More than the expiration of the federal home buyer tax credit was to blame for Hovnanian Enterprises' 37% drop in third-quarter orders, CEO Ira Hovnanian said during the company's third-quarter conference call Wednesday.

He pinned the decline on economic events ranging from the meltdown of Greece's economy to the blowup of the Deep Horizon oil well in the Gulf of Mexico. "The bottom line is that a barrage of bad news had the U.S. consumer on his heels," Hovnanian told analysts.

As for the company's $72.9 million loss (-$0.92 a common share), a large part of that could be blamed on slower sales in several communities that triggered a large share of the $49 million in land charges.

"76% of (the charges) were in five communities in fringe locations, four in Southern California and one in Southern New Jersey," CFO Larry Sorsby said. All were missing the sales-pace goal, so net prices were lowered to move homes faster, he said.

The loss compares with a loss of $168.9 million (-$2.16 per common share) for last year's fiscal third quarter.

Hovnanian executives repeated what they have said for several quarters now: Metrics will improve as the company adds more communities comprised of less-expensive land to its portfolio.

"We do not need to see price appreciation to see further improvement in our gross margin, just a shift in mix in lots that we own," Sorsby said. "While this will not happen overnight, we have started down the road to making this happen."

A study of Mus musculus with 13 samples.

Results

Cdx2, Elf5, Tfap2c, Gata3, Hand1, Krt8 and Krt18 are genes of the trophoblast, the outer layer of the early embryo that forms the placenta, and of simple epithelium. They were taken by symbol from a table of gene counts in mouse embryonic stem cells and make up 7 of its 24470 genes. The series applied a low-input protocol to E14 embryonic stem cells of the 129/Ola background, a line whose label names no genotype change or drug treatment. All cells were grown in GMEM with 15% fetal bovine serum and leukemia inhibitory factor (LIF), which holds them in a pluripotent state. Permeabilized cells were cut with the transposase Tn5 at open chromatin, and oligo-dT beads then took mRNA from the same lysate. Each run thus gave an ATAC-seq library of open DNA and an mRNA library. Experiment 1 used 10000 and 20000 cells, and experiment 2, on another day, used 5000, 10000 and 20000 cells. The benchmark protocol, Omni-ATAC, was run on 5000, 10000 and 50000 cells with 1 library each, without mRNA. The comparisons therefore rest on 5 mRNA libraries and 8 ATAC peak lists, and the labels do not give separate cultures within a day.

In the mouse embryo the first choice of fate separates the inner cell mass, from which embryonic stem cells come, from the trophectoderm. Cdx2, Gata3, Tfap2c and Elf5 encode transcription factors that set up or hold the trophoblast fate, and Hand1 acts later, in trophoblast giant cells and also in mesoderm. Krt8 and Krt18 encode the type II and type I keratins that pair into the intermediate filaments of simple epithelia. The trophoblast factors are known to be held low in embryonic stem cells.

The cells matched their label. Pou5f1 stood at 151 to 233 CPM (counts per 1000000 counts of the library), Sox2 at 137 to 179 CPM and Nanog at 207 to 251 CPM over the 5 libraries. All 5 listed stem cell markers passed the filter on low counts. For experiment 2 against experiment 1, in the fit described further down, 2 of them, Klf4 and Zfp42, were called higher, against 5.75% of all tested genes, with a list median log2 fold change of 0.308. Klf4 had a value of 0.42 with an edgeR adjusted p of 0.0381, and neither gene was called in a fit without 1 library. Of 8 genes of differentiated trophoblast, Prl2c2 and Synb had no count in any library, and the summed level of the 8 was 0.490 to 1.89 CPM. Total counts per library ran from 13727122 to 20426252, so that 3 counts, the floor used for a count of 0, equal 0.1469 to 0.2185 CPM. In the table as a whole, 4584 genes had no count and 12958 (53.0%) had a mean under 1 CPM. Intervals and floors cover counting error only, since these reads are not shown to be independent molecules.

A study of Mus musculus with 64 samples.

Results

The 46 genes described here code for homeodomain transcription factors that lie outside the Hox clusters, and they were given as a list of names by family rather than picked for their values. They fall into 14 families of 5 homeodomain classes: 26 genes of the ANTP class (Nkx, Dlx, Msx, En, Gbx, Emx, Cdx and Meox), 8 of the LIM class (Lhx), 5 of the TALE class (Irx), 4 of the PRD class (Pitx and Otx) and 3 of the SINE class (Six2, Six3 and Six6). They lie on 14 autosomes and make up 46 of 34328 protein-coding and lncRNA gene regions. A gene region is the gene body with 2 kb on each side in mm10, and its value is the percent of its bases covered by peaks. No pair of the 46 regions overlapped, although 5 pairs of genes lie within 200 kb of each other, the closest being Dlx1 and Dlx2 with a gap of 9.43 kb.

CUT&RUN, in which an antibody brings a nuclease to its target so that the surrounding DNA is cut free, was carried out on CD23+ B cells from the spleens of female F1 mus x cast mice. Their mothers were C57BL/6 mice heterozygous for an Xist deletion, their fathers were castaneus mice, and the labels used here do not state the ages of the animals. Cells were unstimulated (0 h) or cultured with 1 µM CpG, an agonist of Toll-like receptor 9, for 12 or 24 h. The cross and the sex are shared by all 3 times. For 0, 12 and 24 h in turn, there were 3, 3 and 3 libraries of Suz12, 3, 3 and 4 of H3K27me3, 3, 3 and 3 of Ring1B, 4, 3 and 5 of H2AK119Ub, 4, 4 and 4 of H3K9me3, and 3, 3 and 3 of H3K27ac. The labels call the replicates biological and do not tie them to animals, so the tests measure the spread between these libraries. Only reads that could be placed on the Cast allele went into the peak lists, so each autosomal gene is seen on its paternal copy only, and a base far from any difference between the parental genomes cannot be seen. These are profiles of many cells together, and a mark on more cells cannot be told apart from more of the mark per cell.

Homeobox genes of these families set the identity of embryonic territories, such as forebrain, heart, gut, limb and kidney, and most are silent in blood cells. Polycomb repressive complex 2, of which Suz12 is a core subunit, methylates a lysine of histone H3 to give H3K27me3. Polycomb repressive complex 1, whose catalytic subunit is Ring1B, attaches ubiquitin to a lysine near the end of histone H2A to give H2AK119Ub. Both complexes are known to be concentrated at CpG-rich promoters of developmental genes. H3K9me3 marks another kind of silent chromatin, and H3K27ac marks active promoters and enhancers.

The company reported that 29% of the lots the company controls now are expected to return 25% or more un-levered return on investment.

Sorsby reported that the company has decided against making a $40 million investment to buy 10% of a newly formed company named "NERCO" that would buy, develop land in a banking arrangement for home builders. Hovnanian had announced the potential deal in an 8-K filing with the U.S. Securities and Exchange Commission last March.

"In lieu of an investment in Newco, we are focusing our efforts on joint ventures, a strategy that has worked well for us historically," Sorsby said.

Under questioning from analysts about the decision, Hovnanian said, "Basically the deal terms in the end just didn't seem attractive enough compared to our traditional joint ventures. We just figured it wouldn't be worth the effort."

Hovnanian's revenue for the quarter was essentially flat with last year's quarter, $380.6 million versus $387.1 million in 2009. So were Closings at 1,316 versus 1,322. Closing revenue was up 0.3% to $368.1 million as the average price rose 0.7% to $279,694. Unconsolidated joint ventures added 80 closings worth $34.6 million with the average price up 2.2% to $288,457

Hovnanian said sales continued to improve in August from June and July. "We are hopeful that our sales trends continue to improve in September and October," he said.